Some Top American Athletes Will Miss 2023 Pan American U20 Champs Due to Passport Issues

When Judson Lincoln IV flew to Eugene for last month’s USATF U20 Outdoor Championships, he was focused on one thing: breaking 45 seconds in the 400 meters. The Virginia Tech freshman had come close at the ACC Championships in May, running 45.17 to win the 400, but the time was stricken from the record after Lincoln was controversially DQ’d for taunting after crossing the finish line.

“I was more worried about my time goals than finishing first or in the top two,” Lincoln said.

Lincoln was vaguely aware that if he ran well enough, he had the potential to represent Team USA at an international meet, and packed his passport for the trip. Once in Eugene, he was told that a top-two finish would put him on the team for the Pan American U20 Championships, to be held August 4-6 in Mayaguez, Puerto Rico.


The Pan Am U20 championships begin on Friday in Puerto Rico

But when Lincoln presented his passport to USATF officials at team processing, he was told he would not be able to compete at the championships. Lincoln’s passport expires in October, but USATF’s selection policy requires all team members to present a passport that does not expire within six months of the Pan Am U20 Championships — even though American citizens do not require a passport to travel to Puerto Rico. Lincoln and the Virginia Tech coach who had accompanied him to Eugene, Andrew Dubs, asked USATF if it would be possible to make an exception, but were told that was not possible.

“They told me it was a World Athletics rule and that, I guess it makes it easier for them just to go off World Athletics,” Lincoln said. “…The rule is supposed to be six months [after the competition], and I think that’s because if for some reason you get stuck out there or something and it expires, then you’re stuck. I guess that’s why the big ruling is. That’s what they told me…Maybe World Athletics, they just made an overall rule just to make it simpler, but maybe that could probably be changed if you’re [a US citizen] going to a US territory.”

World Athletics says passport not required

A World Athletics spokesperson told that a passport is not mandatory for international competitions and that WA usually accepts the rules of the event’s host country regarding passport requirements. LetsRun reached out to USATF Associate Director of International Teams Kimberly Sims and USATF communications for clarification but did not receive a response.

As families return to overseas travel coming out of the pandemic, the United States is experiencing unprecedented demand for passports. It currently takes 10-13 weeks to receive one via routine processing and seven to nine weeks via expedited processing, and those delays have contributed to a number of athletes being unable to take their spot on the Pan Am U20 team.

Gage Gose, winner of the 400 hurdles, presented an expired passport, birth certificate, driver’s license, and application for an expedited passport at team processing but was turned away; Gage’s father, Ben, said he was told by Sims that World Athletics required a passport with at least six months remaining to verify age and citizenship requirements and that there was nothing she could do.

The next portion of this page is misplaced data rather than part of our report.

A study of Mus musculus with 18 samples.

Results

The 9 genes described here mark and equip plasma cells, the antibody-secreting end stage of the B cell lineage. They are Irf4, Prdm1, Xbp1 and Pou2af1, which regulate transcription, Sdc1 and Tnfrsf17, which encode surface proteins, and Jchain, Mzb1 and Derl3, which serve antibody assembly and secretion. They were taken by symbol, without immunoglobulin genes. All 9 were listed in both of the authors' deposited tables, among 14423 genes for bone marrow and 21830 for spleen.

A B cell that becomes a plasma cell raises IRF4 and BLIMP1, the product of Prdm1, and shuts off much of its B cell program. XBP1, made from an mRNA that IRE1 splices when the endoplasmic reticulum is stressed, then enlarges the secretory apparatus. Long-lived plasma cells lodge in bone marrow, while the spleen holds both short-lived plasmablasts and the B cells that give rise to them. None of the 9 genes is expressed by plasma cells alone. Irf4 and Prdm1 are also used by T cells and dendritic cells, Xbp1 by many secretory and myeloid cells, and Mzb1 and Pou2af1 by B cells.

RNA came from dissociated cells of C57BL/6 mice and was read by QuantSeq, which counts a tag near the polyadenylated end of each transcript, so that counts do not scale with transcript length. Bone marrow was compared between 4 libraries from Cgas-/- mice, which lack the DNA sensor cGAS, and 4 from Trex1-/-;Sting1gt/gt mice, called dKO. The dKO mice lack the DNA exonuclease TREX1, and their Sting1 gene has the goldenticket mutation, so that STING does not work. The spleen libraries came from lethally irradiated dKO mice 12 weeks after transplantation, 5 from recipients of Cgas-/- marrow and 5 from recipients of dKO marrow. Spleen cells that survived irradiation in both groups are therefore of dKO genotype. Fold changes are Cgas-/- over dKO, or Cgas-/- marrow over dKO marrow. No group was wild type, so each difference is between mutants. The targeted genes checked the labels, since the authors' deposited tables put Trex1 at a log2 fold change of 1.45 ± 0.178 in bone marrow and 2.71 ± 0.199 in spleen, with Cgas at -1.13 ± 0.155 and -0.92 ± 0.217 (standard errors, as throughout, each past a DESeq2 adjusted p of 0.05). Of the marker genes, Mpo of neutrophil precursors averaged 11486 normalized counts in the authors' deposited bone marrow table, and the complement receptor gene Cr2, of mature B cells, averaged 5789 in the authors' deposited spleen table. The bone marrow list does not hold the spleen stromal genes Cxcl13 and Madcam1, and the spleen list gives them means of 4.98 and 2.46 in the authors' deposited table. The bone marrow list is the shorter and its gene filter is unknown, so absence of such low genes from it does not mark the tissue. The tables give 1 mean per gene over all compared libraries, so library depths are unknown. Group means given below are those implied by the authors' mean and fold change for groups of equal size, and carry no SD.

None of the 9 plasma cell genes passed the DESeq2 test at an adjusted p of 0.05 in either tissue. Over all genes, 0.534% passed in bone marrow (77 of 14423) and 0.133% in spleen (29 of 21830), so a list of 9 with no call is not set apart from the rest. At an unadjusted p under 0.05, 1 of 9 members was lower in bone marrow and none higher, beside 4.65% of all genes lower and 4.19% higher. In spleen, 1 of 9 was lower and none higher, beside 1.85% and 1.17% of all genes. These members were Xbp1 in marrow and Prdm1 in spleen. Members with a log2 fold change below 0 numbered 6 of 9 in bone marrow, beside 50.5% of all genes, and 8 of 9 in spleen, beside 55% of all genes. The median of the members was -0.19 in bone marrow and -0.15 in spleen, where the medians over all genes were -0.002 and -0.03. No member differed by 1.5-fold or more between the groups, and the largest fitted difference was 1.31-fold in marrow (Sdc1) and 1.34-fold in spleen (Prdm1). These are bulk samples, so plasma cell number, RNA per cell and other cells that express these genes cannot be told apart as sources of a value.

After Gose’s race on July 9, Ben offered to drive with Gage through the night to Seattle in an attempt to secure an expedited one-day passport before USATF had to submit its team on July 11. Sims told him that would not be possible as she had to “certify” the team by 10 p.m. on July 9.


Miller had been aware of the selection procedure and applied for a passport in June once he realized it was a requirement to be on the team but was not able to secure his passport in time. Miller brought his driver’s permit and birth certificate to team processing but was told only a passport would suffice.

“For some people that don’t have their passport, I feel like they’d be able to make an exception since they can provide [the same] information that’s on their passport,” Miller said. “I wasn’t happiest with the rule and I didn’t really understand it but there was nothing I could really do about it so I kind of went on and said I’d be back next year.”

A source told LetsRun that Tinoda Matsatsa, winner of the 800 meters, is another athlete unable to compete at Pan Ams due to passport issues.

Desire for more transparency in future

While Ben Gose acknowledges that the passport requirement was listed in USATF’s selection procedure before the meet, he said he wished USATF had been more transparent from the beginning about why, exactly, the rule was in place and why other forms of ID were unacceptable.

“USATF is punishing several athletes who put in many months of work to win a U20 championship, without any opportunity to fix what really should just be a bureaucratic hiccup,” Ben Gose said.

“It’s been devastating for our son and I assume for the many other athletes who were denied the opportunity to represent their country through no fault of their own — but rather due to a flawed ‘team processing’ system.”